Leading DC Nonproliferation Think Tank to be Led by Official Fresh out of the US State DepartmentPosted: October 29, 2014 Filed under: Nuclear 2 Comments
Readers will know that I have on several occasions criticized the U.S. nonproliferation epistemic community for being too closely associated with the U.S. government. Here’s how I put in in a post a couple of years ago:
A colleague in D.C. once said this to me about the U.S. nonproliferation epistemic community – and by this community we both meant the entirety of the various NGOs and think tanks and the few University based centers that focus on nonproliferation studies in the U.S.: that the community is very D.C. centric, cliquish, incestuous and self-referential, to its detriment. These words have really stuck with me, because I find them to be absolutely true, and both insightful and parsimonious as I’ve observed the community over the years.
I would take it even further and say that in addition, in my opinion, the whole U.S. based nonproliferation experts community – with few exceptions – is systemically biased toward support of USG positions on all the top nonproliferation issues. They maintain an essentially common narrative and set of emphases that is in line with, and that provides support for, the narrative and emphases of the USG, with only the smallest amounts of quibbling around the edges (Albright will talk all day long about his “aluminum tubes” work). I think that there is in the work of the U.S. nonproliferation epistemic community far too little real, independent evaluation and criticism of USG positions. As I see it, the U.S. nonproliferation community almost acts as a second wave of apologists for U.S. policy, after the USG itself – though it sometimes shrouds this effort in a lot of technical and sometimes academic-looking jargon. But in the end what the U.S. nonproliferation community ABSOLUTELY DOES NOT DO is serve in the role of an independent, rigorous, analytical check on USG nonproliferation positions, as it could and should do, and as the nongovernmental nonproliferation community in other countries does.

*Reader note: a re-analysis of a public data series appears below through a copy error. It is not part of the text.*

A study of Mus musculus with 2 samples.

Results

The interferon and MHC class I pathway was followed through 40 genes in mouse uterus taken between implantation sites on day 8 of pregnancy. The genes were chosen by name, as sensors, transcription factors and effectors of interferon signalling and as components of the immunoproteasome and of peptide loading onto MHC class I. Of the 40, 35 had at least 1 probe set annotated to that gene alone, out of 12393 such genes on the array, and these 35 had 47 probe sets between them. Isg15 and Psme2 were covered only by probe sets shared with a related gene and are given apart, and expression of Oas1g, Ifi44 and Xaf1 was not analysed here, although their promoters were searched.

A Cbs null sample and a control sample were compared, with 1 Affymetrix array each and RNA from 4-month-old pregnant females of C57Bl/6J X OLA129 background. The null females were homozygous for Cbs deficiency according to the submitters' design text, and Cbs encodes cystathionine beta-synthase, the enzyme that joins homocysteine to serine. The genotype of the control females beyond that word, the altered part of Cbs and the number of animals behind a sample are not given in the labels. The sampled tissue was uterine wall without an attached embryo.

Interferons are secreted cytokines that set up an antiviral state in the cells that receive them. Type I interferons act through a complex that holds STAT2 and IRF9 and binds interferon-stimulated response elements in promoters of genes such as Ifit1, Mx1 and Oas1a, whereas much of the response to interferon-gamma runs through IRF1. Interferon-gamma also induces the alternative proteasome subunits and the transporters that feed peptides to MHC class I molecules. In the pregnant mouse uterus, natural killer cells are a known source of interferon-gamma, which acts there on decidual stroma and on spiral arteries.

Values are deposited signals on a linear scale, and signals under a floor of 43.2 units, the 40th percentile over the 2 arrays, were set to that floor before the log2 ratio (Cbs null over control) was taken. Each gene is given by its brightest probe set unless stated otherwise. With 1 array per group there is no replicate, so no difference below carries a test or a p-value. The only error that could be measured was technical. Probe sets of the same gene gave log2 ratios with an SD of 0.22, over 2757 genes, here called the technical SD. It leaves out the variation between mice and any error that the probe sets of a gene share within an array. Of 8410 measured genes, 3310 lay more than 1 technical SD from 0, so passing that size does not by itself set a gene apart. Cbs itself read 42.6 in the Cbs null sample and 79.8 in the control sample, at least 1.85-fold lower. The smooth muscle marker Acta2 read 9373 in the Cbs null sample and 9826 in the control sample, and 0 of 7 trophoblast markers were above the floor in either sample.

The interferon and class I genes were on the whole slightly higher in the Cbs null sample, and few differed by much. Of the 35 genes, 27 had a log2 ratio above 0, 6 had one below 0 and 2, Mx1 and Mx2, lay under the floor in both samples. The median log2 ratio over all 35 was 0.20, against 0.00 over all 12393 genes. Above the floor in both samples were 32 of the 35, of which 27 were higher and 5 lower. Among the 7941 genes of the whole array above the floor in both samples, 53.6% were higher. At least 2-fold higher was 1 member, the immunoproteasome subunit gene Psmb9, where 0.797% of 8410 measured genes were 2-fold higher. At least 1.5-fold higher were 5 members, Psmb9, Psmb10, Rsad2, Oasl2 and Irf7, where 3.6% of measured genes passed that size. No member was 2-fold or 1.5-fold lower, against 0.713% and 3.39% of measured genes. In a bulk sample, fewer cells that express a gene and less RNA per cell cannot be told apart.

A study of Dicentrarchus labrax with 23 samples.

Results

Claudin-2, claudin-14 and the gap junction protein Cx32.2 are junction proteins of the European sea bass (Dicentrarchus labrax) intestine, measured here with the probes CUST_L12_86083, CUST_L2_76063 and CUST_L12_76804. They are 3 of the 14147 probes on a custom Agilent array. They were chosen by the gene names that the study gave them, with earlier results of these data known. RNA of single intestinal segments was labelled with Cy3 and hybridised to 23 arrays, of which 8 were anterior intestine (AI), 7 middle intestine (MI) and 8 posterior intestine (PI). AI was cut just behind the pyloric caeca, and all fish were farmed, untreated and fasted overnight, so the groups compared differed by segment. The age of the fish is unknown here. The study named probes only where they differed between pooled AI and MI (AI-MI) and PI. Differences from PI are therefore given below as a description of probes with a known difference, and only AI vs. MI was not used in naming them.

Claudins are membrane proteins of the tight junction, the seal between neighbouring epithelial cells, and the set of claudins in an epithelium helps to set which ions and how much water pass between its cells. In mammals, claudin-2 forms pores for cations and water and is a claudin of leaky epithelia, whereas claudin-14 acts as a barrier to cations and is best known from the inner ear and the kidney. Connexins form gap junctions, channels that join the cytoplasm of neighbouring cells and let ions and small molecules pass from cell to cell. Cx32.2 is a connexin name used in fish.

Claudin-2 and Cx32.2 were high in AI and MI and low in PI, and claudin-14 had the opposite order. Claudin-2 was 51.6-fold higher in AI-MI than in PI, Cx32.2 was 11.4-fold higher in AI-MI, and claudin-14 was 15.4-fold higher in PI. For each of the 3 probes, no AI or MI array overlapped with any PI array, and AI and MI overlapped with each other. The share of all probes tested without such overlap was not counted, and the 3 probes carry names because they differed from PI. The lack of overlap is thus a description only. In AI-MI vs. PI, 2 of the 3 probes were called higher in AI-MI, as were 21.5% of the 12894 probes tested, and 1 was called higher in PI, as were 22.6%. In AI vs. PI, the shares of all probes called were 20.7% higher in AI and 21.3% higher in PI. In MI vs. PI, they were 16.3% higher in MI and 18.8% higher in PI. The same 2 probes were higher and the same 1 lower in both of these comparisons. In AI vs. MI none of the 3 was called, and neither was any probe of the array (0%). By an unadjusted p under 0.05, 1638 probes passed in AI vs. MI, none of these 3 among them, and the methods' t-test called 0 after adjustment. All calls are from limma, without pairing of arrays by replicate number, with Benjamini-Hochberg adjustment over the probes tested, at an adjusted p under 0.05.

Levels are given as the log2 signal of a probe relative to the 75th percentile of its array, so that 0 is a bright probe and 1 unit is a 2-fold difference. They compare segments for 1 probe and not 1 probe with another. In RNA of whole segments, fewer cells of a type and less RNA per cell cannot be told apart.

And I think there are some clear reasons for this. Much moreso than in other countries, the members of the U.S. based nonproliferation community tend, with very few exceptions, to
1) have been employed by the USG in the past;
2) want to be employed by the USG in the future;
3) be funded by or hope to be funded by the USG; and/or
4) want to maintain the access and good favor they have with USG officials, for the sake of information and for the sake of invitations to cool events, etc.
Basically what I’m saying is that they are biased towards the positions of the USG, because of their overly close personal and institutional associations with the USG, and because they see their own professional success as being tied to the favor of the USG.
I’d say the news that William Burns, the outgoing U.S. Deputy Secretary of State, will be the new President of the Carnegie Endowment, falls nicely into line with my observations. Under his leadership, can you imagine that work by Carnegie staff will be allowed to cross certain lines of criticism of the U.S. government’s nonproliferation policies? Me neither.
I think they could have made a worse choice than Burns but I agree there is revolving door problem at the think tanks in DC.
Another problem is sources of funding, often foreign, which slants their analyses:
Hardly new, though, is it?
The tradition of senior State Department flunkies flipping between Foggy Bottom to the Carnegie Endowment (or vice versa) dates from at least John Foster Dulles, and that was in 1945.